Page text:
As we start 2013, let’s reflect on the beginning of our nation and the moral and religious beliefs of the Pilgrim settlers of 1620. The Pilgrims were Puritans, a group of English Protestants who had become unhappy with the corruption in the Church of England and the English laws which controlled the practice of religion. At that time (1620), other religions weren’t represented. There were no Buddhists, Zoroastrians, Jews, or Muslims. Only Christians who wanted freedom of religion. Not freedom from religion, but freedom of religion.
As written in Wikipedia, the “Puritans sought both individual and corporate conformity to the teaching of the Bible, with moral purity pursued both down to the smallest detail as well as ecclesiastical purity to the highest level. They believed that man existed for the glory of God; that his first concern in life was to do God’s will and so to receive future happiness.”
Today, we call religious groups like that the fundamentalists. When you think about it, this sounds like Islam as interpreted by the Islamic fundamentalists. However, the Judeo-Christian ethic is spread by the intellect while, generally speaking, Islam is spread by jihadist religious war. The only wars in the world today are in the Middle East and parts of Africa where the Muslims are battling among themselves about whether the fundamentalists or the moderates are proper and about how to destroy Israel. Also, about which dictator will control the government. In any case, the final outcome will be an Islamic theocratic government. No freedom of religion there (sorry for the digression, but it seemed appropriate).
Alexis de Tocqueville wrote in “Democracy in America” (1832) that Puritanism was instrumental in providing the strong foundation for American democracy. As you read our Declaration of Independence and our Constitution, you’ll find his observation to be accurate.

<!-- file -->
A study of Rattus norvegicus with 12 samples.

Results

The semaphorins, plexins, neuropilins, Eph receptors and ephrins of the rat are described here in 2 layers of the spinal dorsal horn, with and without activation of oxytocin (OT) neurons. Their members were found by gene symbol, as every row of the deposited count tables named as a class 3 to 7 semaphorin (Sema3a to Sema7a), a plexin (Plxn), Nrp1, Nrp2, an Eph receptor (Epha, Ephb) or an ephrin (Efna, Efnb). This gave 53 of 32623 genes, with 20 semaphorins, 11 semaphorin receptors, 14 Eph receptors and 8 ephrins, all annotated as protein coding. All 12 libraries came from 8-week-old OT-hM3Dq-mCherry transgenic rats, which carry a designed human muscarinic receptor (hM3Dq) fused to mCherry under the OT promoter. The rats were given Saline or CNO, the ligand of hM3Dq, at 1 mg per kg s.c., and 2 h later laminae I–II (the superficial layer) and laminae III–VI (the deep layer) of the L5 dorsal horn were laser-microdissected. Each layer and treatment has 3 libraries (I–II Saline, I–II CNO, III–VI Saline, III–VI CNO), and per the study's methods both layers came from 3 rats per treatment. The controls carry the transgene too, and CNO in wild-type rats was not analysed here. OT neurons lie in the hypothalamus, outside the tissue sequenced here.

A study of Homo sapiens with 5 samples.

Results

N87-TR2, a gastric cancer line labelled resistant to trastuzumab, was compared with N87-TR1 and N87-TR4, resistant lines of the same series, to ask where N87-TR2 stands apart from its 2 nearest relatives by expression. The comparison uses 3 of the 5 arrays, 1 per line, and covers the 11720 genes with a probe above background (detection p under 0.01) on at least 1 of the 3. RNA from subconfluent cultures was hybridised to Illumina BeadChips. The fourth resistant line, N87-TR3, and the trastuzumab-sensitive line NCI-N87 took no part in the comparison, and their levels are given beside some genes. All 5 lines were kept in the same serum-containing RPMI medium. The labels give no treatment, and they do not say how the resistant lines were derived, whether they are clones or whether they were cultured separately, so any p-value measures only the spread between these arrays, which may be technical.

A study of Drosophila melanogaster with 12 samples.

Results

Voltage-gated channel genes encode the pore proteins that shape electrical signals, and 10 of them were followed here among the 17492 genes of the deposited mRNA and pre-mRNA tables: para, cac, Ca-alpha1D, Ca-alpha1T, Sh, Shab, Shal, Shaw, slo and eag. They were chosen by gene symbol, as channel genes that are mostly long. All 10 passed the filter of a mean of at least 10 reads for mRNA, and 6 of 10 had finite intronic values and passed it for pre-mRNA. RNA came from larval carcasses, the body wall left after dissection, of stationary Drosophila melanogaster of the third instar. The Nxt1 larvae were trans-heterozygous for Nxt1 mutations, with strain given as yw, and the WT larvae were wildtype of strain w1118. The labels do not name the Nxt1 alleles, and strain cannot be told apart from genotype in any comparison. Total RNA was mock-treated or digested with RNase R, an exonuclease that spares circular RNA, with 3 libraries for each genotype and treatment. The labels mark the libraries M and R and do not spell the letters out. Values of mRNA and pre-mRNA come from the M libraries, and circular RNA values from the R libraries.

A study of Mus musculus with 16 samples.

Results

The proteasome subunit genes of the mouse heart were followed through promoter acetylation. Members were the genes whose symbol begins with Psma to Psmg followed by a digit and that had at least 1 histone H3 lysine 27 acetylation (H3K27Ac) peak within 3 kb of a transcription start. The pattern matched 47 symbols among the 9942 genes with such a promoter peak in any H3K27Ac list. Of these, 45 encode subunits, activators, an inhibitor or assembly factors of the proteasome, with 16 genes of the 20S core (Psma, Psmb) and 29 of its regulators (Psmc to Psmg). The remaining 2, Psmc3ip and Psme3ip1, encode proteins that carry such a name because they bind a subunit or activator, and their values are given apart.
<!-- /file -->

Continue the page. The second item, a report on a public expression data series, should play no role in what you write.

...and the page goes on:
As John Adams said, “Our Constitution was made only for a moral and religious people. It is wholly inadequate to the government of any other.”
Considering the cultural climate of the past 60 or 70 years, you have to wonder if we’re a moral and religious people (the non-secular). Or have the results of the music, a few politicians and hallucinogens prostituted our moral fibre to the point that anything is acceptable (the secular)?
History is full of Sodom and Gomorrahs. Are we to become another footnote in the chronicles of the world as one of them, or are we to take our place as the leader which has the moral courage to follow the Judeo-Christian ethic and participate in all it gives us?
So, what do you expect in 2013? The happiness of freedom and liberty as postulated in our Declaration of Independence and the Constitution, or the misery and confusion of despotic socialism as promoted by those who say our Constitution is obsolete? You have a choice. Which will it be? The harmony of the laws of Nature’s God or the chaotic confusion of the laws of man?
Happy New Year!
• Don Kennedy is a graduate of Dartmouth College with a degree in sociology. He has been a resident of Ahwatukee Foothills since 2002.